When Sindia urges youth in her homecommunity of Siminka in the BOSAWAS to stay in school, it is fair to say that she herself speaks from experience. When she equips teachers with the knowhow to incorporate technology into their classrooms, it is fair to say that she knows its value. When the teachers and students alike look to her for guidance and support, it is fair to say that she has come fullcircle.
The sixth of eight siblings in her Miskito indigenous family, Sindia left home at the age of 15. There was no secondary school in the region when she finished primary school fifteen years ago. She travelled to the City, without knowing how to speak Spanish, to seek secondary school education while also working as a care-giver.
With encouragement from kind mentors, she enrolled in post-secondary courses. With hard-earned scholarship support, she attended classes on Saturdays so she could work for room and board during the week. With a curiosity, she dedicated her time and interest to computers — though she had never before sat before one. With her family’s belief in her, despite poverty, despite distance, despite circumstance, she persevered.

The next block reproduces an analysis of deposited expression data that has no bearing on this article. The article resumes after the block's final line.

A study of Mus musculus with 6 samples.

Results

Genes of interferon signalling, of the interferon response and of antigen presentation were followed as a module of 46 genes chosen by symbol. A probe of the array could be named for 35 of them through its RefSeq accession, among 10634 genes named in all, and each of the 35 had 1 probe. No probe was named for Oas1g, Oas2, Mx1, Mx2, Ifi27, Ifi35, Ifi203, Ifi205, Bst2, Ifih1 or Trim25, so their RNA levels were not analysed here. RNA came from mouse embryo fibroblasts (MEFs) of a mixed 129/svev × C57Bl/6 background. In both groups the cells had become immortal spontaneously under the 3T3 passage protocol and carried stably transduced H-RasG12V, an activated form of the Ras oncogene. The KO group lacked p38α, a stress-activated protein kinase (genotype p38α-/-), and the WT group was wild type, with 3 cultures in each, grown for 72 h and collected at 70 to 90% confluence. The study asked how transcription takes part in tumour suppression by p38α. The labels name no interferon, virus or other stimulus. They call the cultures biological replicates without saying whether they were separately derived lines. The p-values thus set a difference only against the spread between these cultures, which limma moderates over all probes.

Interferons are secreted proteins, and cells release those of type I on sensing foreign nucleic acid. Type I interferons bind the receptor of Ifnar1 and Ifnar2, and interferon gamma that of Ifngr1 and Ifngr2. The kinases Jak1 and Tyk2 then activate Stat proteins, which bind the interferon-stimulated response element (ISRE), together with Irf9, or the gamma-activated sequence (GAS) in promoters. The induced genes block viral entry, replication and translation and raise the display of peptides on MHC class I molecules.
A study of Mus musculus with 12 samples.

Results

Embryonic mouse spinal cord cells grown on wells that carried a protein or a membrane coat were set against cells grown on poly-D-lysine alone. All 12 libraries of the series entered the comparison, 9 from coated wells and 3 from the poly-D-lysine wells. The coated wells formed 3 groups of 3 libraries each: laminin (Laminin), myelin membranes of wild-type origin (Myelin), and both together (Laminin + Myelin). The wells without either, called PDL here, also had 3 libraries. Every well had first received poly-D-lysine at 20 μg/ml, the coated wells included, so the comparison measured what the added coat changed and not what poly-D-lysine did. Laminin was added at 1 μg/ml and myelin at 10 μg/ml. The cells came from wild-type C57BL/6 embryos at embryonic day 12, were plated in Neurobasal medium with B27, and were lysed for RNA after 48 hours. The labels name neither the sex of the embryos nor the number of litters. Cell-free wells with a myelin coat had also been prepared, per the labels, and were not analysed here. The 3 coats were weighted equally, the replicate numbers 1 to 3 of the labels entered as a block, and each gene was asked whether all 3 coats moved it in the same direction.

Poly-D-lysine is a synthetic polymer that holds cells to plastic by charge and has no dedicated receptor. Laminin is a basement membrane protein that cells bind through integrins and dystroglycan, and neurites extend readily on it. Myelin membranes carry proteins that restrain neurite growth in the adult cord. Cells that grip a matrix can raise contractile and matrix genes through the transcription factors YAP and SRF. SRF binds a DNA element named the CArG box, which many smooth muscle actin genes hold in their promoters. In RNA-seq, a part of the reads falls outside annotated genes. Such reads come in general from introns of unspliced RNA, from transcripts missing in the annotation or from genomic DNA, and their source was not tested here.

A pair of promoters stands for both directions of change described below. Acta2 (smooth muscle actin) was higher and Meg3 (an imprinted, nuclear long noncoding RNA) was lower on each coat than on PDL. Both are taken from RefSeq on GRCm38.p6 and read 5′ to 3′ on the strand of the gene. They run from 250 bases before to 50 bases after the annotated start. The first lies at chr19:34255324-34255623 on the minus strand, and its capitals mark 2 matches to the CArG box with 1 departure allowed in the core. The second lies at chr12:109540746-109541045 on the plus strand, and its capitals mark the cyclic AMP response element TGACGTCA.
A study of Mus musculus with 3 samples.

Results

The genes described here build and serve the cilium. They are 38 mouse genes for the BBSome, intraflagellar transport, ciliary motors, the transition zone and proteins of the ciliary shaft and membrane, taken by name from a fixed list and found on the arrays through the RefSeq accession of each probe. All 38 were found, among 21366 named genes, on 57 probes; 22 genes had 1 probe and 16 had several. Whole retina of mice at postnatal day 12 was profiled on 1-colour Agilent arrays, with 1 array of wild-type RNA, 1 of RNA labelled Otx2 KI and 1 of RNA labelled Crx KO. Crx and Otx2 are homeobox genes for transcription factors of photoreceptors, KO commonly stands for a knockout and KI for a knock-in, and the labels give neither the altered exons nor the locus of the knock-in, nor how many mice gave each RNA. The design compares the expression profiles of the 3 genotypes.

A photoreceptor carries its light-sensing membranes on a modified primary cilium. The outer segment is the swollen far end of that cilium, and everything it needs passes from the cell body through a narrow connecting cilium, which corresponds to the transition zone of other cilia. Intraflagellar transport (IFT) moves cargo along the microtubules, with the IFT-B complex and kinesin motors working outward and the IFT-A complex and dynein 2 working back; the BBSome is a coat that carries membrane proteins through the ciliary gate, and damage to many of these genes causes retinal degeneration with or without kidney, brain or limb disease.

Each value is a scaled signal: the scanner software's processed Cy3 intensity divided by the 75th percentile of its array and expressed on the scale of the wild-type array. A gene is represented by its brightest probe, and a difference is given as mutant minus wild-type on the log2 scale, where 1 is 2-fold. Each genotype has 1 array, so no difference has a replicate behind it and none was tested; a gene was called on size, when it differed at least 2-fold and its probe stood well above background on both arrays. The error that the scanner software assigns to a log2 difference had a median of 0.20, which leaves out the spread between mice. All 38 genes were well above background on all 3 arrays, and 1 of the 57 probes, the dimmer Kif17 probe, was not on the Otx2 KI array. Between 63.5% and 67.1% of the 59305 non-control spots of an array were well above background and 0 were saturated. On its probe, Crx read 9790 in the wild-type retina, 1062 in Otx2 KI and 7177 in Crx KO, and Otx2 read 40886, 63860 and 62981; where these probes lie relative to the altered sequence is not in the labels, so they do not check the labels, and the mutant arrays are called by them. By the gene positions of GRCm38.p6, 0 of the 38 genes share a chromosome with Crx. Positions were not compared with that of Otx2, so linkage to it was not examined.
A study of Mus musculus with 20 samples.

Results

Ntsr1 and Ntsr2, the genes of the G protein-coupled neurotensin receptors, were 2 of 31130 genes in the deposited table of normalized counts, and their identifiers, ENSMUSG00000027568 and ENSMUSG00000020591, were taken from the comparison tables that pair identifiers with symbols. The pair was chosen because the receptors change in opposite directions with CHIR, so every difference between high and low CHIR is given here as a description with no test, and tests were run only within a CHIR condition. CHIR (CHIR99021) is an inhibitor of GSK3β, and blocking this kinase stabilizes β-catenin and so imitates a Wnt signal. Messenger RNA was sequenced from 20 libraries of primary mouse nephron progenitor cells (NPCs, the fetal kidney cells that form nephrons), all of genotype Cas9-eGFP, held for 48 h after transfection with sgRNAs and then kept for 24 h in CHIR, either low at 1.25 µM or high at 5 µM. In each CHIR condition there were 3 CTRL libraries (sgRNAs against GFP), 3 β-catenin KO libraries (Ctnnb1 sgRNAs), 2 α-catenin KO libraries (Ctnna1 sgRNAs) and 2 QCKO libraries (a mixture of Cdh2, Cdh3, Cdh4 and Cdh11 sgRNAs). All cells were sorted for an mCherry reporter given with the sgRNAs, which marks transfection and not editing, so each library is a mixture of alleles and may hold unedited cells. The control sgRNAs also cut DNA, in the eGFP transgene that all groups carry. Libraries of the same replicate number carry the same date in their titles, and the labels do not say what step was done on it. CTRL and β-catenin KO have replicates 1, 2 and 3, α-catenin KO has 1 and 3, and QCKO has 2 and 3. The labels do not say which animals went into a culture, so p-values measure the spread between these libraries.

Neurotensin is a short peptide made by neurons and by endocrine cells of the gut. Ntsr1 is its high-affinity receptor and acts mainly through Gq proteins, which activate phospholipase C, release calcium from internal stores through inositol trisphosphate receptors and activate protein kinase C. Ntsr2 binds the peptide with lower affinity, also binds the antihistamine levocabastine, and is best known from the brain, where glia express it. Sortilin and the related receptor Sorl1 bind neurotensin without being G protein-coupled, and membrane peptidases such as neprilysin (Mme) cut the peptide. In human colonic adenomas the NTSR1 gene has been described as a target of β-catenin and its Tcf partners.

Fifteen years later, young women in Siminka now continue their studies beyond primary school without leaving home. At the local secondary school, constructed in 2018-19, students have recently begun to learn how to use computers. And it is Sindia, now a Change for Children tech-education facilitator, who provides support. It is Sindia’s voice that provides encouragement. It is Sindia’s knowledge that curates curiosity. It is Sindia who believes that the future of the BOSAWAS will benefit as the quality of education increases.
It is Sindia who sees technology in the Bosawas as an opportunity. And it is one she is determined to share as the Technology and Training for Quality and Equality in the BOSAWAS project enters its second phase, transitioning from teacher training to student learning.